Associate professor Laura Miller's new book, Toronto's Inclusive Modernity: The Architecture of Jerome Markson, is a critical examination of the career of an architect whose idiosyncratic buildings helped define modernity in Toronto.
Miller's research caught the attention of Globe and Mail architecture critic Alex Bozikovic, who wrote a story about Markson's legacy for Saturday's paper, in which Miller is quoted extensively as a subject expert.
Architects like to tell stories. They often have grand explanations for a particular shape or angle. But when I asked Jerome Markson why he chose red brick for the building we were sitting in, the David B. Archer Co-Operative in downtown Toronto, the architect laughed. “This whole city was made of brick! Mostly red brick, and some white brick” – a wave of the hand – “all from a couple of pits over there.”
This is true, and Markson is formed of that same clay. Born, raised and educated in Toronto, the 90 year old spent half a century shaping remarkable structures across the city and its suburbs. Those buildings are tough to summarize. He has no manifesto and he dislikes grand gestures.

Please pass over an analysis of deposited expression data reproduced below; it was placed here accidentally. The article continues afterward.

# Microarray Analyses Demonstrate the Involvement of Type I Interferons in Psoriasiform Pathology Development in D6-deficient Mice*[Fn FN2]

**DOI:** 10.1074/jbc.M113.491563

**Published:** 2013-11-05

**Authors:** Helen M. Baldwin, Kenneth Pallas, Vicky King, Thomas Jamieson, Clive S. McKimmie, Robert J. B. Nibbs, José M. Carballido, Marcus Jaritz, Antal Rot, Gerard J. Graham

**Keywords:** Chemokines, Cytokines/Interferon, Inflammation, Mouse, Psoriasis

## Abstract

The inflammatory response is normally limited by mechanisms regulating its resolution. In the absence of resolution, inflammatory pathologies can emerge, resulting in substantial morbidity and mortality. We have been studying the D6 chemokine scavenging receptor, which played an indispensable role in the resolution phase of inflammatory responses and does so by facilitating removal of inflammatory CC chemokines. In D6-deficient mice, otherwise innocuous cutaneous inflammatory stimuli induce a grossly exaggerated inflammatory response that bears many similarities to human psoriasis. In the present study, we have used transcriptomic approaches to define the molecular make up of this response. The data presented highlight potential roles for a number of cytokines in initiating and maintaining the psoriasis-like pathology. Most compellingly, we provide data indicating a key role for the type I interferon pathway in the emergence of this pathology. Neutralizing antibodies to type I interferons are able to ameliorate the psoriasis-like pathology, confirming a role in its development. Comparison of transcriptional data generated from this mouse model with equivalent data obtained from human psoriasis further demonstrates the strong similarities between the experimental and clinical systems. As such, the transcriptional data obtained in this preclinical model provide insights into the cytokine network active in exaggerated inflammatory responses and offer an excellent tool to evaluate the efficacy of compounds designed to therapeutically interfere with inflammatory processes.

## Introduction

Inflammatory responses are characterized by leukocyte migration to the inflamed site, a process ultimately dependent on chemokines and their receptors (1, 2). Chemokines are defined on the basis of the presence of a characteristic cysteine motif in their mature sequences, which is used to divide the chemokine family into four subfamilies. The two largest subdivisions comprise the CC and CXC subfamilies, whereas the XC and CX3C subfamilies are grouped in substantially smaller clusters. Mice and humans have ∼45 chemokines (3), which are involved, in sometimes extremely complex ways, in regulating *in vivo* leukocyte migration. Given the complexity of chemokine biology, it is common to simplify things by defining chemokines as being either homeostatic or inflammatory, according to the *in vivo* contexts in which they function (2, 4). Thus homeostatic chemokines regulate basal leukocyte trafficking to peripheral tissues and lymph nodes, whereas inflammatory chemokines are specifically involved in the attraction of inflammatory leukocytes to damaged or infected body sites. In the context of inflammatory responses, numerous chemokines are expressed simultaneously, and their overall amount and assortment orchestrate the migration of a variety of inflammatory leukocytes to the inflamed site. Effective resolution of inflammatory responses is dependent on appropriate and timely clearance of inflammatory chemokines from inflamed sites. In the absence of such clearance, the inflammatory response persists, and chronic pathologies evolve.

But his work has plenty to teach us. It blends practicality with whimsy. It explores different strands of Modernism. But above all, for Markson, and others of his generation, architecture is a tool to build community.
All these themes resonate today, and they’ve been captured in a fine new book. The scholar Laura Miller’s Toronto’s Inclusive Modernity: The Architecture of Jerome Markson makes a strong case for Markson’s importance and relevance.
Miller, herself an architect and theorist, moved to teach at the University of Toronto about a decade ago, and she was fascinated early on by Markson’s work. “The quality of the architecture was remarkably high,” she said, “and I realized that you couldn’t really understand it without understanding the city.”
Read the rest of the story at the Globe and Mail.
A photography exhibition based on Laura Miller's book will open in the Daniels Building's Larry Wayne Richards Gallery on January 29. Details are here.